About our partners
We know from decades of experience that by working with others - and pooling our expertise and resources - we can achieve much more than we ever could on our own. That might mean working with small, grassroots organisations that have a better understanding of the local context, or joining with other international non-governmental organisations (NGOs) to reach greater numbers of people with our campaign messages.
In summary, our partners include:
Local project partners
Currently, we're working with more than 1,000 partner organisations on our projects worldwide. These are the local NGOs, producer groups, co-operatives and small businesses who understand the issues that keep local communities trapped in poverty. Throughout, our aim is to build local skills and experience, so communities can be in control of their own lives.
To get our campaigning issues in front of the largest possible audience, we work with a whole range of campaign partners. These include environmental and humanitarian NGOs, unions, faith groups and celebrities. For example, the Robin Hood Tax alliance includes charities such as Barnardo's and Friends of the Earth, plus all the major trade unions and faith organisations such as the Salvation Army.
Whether it's a small business supporting a specific project, or a larger company looking to give something back, we work with a range of businesses in the UK and worldwide. There are a variety of ways companies help us: through staff fundraising (for example, payroll giving); commercial partnerships (when the company donates a percentage of their income); by arranging for staff to donate their unwanted items; or by donating 'gifts in kind' (for example, flights for aid workers to get to a disaster zone).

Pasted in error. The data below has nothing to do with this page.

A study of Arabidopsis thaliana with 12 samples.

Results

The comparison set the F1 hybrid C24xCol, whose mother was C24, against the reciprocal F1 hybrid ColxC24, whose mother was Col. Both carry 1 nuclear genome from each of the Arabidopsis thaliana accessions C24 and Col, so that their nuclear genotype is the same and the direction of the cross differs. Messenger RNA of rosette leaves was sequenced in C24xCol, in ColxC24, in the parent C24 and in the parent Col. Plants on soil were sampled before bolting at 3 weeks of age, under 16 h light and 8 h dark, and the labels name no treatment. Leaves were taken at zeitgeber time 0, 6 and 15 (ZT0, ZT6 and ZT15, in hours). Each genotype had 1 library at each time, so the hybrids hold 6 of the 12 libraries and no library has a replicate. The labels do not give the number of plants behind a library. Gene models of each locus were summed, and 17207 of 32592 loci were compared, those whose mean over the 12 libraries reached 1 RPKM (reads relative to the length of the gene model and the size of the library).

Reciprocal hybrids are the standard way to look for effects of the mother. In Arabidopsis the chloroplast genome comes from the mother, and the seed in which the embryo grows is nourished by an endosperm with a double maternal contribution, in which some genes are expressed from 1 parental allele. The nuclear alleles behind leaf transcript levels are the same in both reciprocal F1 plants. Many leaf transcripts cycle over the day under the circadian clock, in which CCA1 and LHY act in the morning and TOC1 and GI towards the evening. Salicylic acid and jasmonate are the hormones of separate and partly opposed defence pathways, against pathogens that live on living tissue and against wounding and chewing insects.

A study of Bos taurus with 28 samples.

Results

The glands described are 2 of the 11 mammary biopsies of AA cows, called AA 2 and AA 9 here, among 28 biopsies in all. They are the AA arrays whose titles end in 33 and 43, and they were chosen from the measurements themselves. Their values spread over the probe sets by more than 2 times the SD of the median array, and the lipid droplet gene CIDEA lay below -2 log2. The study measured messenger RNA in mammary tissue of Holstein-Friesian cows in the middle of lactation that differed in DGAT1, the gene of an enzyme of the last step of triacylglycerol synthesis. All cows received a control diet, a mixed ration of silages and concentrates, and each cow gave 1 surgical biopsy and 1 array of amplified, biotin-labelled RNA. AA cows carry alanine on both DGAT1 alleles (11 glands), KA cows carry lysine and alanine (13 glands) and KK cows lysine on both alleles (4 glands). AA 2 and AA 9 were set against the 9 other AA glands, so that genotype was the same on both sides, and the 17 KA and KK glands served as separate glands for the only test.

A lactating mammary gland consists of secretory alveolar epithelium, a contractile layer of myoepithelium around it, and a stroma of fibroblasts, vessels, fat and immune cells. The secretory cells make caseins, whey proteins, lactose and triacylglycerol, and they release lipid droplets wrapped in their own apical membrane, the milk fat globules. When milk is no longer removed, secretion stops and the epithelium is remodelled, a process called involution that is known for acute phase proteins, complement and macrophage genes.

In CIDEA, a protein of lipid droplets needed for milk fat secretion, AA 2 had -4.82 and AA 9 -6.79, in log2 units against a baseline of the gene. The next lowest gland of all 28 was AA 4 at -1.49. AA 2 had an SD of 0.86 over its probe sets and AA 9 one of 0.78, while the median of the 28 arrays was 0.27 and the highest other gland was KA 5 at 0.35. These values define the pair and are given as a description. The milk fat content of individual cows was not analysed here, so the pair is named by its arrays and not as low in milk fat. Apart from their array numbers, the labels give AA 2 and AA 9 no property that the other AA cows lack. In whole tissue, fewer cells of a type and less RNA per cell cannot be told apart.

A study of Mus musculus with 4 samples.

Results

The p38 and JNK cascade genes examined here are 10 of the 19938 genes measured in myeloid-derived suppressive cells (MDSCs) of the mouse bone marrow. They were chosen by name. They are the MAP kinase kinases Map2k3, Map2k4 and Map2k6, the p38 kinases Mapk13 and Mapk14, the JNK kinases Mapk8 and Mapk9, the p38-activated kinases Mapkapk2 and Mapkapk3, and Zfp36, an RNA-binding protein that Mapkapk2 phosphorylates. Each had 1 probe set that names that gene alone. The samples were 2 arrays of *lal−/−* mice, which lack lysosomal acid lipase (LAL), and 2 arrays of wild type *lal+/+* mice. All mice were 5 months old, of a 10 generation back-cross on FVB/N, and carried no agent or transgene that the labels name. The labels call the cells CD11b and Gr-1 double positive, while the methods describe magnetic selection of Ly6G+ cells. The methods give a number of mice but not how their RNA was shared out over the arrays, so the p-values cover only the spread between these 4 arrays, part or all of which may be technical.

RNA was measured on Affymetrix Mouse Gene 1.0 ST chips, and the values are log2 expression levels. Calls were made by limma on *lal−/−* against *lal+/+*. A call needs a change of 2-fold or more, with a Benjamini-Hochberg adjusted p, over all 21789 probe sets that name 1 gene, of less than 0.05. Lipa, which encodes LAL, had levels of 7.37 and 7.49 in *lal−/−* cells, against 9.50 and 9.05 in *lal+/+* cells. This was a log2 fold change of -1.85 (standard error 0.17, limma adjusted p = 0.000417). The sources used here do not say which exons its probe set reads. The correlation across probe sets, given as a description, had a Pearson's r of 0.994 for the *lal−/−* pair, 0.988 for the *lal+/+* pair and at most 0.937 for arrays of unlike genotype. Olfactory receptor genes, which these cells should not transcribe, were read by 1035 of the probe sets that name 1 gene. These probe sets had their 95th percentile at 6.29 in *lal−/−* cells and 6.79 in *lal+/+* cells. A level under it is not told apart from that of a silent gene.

Institutions and governments
We also work closely with, and receive funding from, institutions and governments, including the UK's Department for International Development (DfID), the European Union and the United Nations. In 2010/11, more than 40 institutional donors contributed an all-time high of £173.5 million to our projects worldwide. And, in a year of large-scale disasters including flooding in Pakistan and the Haiti earthquake, institutions contributed a total of £115 million to our humanitarian responses.
Our suppliers deliver the wide range of goods and services we need to support our emergency, development and campaigning work. We have over 3000 suppliers in the UK, and many more based near to our overseas programmes. Using local suppliers helps us keep operational costs down and supports local economies.